Why are passports no good within six months of expiration?

Subject kinda says it all.

I have seen and experienced issues where your passport is no good for travel within six months of its expiration date.


I mean, if that has to be the case for some reason then why not just move the expiration forward six months and make that the end date?

Travelling on an out-of-date passport is usually illegal, and always a bureaucratic nightmare…

So the 6 month time limit is to make sure that your passport will still be valid for your return trip.
Most countries won’t let you in if your passport is about to expire. They want you to leave, ya know.

If an airline carries a passenger to a destination where he is not allowed to enter due to invalid paperwork, the airline has to pay the expense of carrying that person back to where he came from.

Think about how pissed off the airline would be if they had to give a free ride to a non-paying passenger and his two suitcases. :slight_smile:

Why isn’t that the problem of the person traveling?

It’s up to you to be certain all of your travel documents are in order and that you do not overstay your welcome.

From what I’ve heard: During those six months, the passport is still valid, so you can still use it as identification, such as when applying for a driver’s license. But for other purposes, “they” are worried about the fact that it will expire soon. For example, when traveling to another country, the foreign government wants to be sure that you’ll have a valid passport when you head home. So even if you’re planning to return in two months, if your passport is expiring in four months “they” will worry about the possibility of you extending your stay. “They” decided that six months is a useful and simple cutoff date.

(“They” can be lots of different things, in different situations.)

It is the problem of the person travelling, but in any case the border policeman doesn’t have to let you in.

“why isn’t that the problem of the person travelling?”.

See the last two sentences of my post above…

Yes, it’s your responsibility.
But if you screw up,you don’t pay…it is the airline which has to pay for taking you back home.

And they can’t collect their beloved fees for your luggage…:slight_smile:

But if your docs are not in order, or if you do overstay (even through no fault of your own, like an extended hospitalization) “they” will have to deal with the bureaucratic nightmare.

That’s how they make it your problem: by simply barring you from flying or entering the country with a passport that’s close to expiration.

I see no reason the airline can’t charge a person for a flight home…even a forced flight home.


But why not make your passport expiration six months earlier than is printed on the passport?

In that case there seems to be a problem involving infinite recursion. (your passport expires six months before it expires)

Yeah…kinda silly.

It’s not that they’re no good, it’s that they’re less likely to be good. Plenty of countries will let people in with less than six months remaining; whether the airline will accept that is another matter.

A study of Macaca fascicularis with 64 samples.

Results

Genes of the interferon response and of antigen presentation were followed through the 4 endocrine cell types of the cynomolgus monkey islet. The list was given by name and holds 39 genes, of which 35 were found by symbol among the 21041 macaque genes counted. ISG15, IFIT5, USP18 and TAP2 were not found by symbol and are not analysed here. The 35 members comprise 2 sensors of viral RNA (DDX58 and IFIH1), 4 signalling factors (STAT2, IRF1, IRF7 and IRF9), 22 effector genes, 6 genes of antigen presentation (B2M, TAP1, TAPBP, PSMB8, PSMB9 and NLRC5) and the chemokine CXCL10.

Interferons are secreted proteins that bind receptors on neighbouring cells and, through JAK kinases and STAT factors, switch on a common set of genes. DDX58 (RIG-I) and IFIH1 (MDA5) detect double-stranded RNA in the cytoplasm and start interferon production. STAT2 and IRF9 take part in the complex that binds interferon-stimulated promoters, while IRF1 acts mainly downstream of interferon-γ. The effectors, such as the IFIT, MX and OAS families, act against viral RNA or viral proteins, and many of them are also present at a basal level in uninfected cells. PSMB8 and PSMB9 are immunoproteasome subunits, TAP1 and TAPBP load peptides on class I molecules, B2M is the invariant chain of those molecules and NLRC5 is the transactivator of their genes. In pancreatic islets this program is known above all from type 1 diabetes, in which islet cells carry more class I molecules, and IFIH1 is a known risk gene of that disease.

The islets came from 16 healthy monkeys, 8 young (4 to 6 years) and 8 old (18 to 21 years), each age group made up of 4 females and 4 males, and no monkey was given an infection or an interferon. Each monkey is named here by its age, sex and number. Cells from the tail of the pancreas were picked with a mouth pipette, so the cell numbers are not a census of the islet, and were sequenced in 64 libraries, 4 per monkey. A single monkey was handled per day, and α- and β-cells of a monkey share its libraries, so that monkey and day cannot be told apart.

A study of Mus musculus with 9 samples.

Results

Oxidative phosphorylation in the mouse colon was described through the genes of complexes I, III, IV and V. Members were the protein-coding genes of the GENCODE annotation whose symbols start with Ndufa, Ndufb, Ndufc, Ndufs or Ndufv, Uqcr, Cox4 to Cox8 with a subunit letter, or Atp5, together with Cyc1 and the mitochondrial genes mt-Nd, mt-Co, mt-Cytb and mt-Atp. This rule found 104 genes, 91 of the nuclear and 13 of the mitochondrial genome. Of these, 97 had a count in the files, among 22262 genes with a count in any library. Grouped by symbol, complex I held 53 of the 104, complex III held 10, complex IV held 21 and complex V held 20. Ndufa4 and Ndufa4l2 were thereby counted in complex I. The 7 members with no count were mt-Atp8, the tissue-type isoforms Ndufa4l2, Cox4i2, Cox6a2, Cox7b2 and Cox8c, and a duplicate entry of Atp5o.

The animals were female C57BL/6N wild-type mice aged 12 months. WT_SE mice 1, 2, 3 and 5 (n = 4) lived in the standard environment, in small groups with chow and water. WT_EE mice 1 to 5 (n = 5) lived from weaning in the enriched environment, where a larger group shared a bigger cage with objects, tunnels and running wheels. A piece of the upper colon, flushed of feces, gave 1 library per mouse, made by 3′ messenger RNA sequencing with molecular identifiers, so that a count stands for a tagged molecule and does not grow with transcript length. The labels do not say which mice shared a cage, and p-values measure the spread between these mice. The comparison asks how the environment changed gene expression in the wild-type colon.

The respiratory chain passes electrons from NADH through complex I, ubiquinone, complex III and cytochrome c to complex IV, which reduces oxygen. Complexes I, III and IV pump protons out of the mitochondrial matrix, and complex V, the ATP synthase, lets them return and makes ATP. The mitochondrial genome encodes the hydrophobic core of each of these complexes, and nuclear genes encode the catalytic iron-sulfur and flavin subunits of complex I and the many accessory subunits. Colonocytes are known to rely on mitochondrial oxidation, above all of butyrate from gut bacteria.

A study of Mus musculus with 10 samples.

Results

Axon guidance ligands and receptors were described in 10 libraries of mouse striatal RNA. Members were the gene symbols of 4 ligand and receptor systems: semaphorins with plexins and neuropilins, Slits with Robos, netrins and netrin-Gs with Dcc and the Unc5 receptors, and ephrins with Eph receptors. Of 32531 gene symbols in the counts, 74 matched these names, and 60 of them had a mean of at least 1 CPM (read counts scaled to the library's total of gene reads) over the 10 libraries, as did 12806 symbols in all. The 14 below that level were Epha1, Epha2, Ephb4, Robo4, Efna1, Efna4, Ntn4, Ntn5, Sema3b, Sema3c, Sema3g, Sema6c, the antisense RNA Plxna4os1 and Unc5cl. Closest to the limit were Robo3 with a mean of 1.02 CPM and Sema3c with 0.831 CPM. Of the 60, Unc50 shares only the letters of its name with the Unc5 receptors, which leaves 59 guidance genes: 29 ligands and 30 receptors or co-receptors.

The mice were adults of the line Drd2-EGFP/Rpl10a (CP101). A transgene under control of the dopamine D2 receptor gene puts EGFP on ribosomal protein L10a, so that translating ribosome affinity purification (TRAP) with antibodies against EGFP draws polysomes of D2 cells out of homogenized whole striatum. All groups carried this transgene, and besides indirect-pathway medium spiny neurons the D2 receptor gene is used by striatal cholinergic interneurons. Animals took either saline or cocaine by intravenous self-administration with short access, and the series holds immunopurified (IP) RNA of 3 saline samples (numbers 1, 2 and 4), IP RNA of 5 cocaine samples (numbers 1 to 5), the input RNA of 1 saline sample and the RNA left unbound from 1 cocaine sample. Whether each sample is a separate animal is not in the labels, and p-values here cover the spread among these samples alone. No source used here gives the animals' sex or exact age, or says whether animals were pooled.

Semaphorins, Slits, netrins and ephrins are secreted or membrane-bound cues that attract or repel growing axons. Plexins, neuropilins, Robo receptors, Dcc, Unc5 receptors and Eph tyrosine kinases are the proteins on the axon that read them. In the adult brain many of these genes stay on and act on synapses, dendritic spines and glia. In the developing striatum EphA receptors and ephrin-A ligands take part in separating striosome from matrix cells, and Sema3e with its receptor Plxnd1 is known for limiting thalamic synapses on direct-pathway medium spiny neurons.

Actually…thinking on it more…doesn’t an expired passport mean you cannot get back into your home country since you no longer have valid ID that you are a citizen of theirs?

If so then how can an airline be forced to fly you there for free?

BTW in my experience, fixing irregular travel and residence paperwork problems is not a fun way to spend your time, honestly I cannot recommend it.

The computer knows all. Losing a passport or having one expire does not wipe out your records. But there were rumours that somewhere sometime some fake refugees conveniently lost all their papers so they could not be reliably identified or distinguished from real refugees and sent back.

They can, and they will. The point is that the question whether you fly back or not does not hinge on whether you pay or not. Many countries have a law that says that foreigners who are not allowed entry into the country have to be brought back to their point of departure by the airline that brought them there. Non-payment of the fare for that return flight is no defence on the part of the airline. So if you’re refused entry, the airline cannot tell the authorities of that country: “Sorry, we’re not hauling that passenger back; he doesn’t have a ticket, and it’s not our problem if he’s stuck here The Terminal-style.” Instead, the airline will haul you back. But they will, subsequently, try to make you pay for that flight. Whether that succeeds or not depends on your financial situation.

Makes sense but what if I fly to Germany on a passport that has five months left on it and I stay six months?

Who has to fly me back for free and deal with collections?

What if I travel there on a passport good for eight months and stay nine? Does that change which airline has to fly me home for free?

No. The one thing that a country will do for its own citizens is to make sure they’re not stuck helplessly abroad. If you arrive at the airport of your own country with an expired passport of that country, you will be interviewed by immigration officers to find out if you’re really a citizen and thus entitled to enter. There are many ways of finding this out other than presenting a non-expired passport. The process may be a pain in the rear, and it may lead to you being fined for violation of a law that requires you to have a valid passport upon entry; but they will not simply turn you away and leave you to fend for yourself.

Wasn’t there a guy stuck in a French airport for years because he was a person without a country?

Why do you assume showing up at the airport with an expired passport is a reliable way to score a free airline ticket? You would probably get in trouble over the irregularity and have to buy a ticket anyway.